Tuesday, November 11, 2008
3 War Shows, Just In Time For Veteran's Day
I didn't plan this, but in the 4 days before Veteran's Day, I saw 3 shows related to wars and military--The Roundabout Theatre production of Streamers, The National Theatre of Scotland's Black Watch, and a York Theatre Company reading of Yank!.
This season, both on and off Broadway is all about the testosterone, with two Mamet shows and Billy Elliot, to name a few. Perhaps this is a reaction to last year's season of women, with shows like August: Osage County and Top Girls. The only woman in any of the three shows I saw was Nancy Anderson in Yank!, who played all the female roles. It's a boy's life, indeed.
Though very different in their approach, the three shows deal with questions about what it means to be a man. Streamers, directed by Scott Ellis and written by David Rabe in 1976, takes place during the Vietnam War. Though it is the only one in which the characters are not actually fighting, but waiting to go to go to war, it is the goriest of the three. Black Watch, directed by John Tiffany and Gregory Burke, is about members of the Black Watch regiment of the Scottish Army during the Iraq War. Although it is not a musical, the whole piece is beautifully choreographed. Yank!, directed by Igor Goldin with music by Joseph Zellnik and book and lyrics by David Zellnik, mostly focuses on the relationship between two men in the army during World War II.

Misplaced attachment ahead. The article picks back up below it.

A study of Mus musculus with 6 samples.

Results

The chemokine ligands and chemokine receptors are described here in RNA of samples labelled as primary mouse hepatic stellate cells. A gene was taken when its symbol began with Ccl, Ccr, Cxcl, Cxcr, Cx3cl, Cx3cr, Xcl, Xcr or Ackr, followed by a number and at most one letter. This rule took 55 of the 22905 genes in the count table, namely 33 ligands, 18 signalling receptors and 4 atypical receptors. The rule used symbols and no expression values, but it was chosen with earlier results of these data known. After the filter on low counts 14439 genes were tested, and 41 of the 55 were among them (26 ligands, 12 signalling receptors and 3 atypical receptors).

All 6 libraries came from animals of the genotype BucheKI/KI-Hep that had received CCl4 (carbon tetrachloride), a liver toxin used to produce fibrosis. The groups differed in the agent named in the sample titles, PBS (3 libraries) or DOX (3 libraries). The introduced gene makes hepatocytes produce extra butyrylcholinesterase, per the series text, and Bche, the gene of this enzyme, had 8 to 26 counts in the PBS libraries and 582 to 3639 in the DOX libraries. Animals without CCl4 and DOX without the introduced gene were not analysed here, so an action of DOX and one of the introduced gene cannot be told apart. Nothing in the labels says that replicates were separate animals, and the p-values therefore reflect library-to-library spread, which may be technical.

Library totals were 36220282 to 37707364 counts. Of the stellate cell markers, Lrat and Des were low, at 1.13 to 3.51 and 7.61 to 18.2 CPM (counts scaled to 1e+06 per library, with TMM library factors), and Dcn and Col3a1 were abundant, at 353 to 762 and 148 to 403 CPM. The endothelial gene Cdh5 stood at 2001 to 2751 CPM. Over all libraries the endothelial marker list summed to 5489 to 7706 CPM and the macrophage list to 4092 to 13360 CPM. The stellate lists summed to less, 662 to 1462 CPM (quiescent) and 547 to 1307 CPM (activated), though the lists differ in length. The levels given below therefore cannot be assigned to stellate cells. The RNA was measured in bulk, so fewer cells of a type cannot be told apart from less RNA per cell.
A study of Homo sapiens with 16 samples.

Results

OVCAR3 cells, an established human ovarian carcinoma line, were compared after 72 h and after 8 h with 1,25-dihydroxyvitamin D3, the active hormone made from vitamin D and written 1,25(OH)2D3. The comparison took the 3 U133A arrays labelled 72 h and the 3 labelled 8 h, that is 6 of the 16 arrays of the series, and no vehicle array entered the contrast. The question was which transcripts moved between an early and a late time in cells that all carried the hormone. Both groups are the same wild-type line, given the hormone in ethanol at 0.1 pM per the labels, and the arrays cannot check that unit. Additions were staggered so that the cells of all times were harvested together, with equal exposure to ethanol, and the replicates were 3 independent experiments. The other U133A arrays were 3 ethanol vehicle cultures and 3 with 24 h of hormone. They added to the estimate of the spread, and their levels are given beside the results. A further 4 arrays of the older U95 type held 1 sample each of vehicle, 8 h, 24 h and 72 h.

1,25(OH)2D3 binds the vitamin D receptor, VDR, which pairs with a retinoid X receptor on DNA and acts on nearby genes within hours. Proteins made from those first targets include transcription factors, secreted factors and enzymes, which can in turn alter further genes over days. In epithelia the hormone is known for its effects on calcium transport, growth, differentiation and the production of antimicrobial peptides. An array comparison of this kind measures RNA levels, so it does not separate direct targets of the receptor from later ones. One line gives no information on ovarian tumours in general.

It's sad how little has changed in the over 60-year time span during which the three shows take place. We're in a war with many similarities to Vietman. In Yank!, the main character wants homosexuality to become acceptable and makes a comment about how things will change probably by 1949 or 1950, which gets a laugh from the audience. In light of the passage of Proposition 8, there is still a long way to go.
I'm looking forward to seeing what change President-elect Barack Obama will bring in the future. For now, I think I'll take a break from all this heavy war stuff, at least until Prayer for My Enemy opens at Playwrights Horizons next month.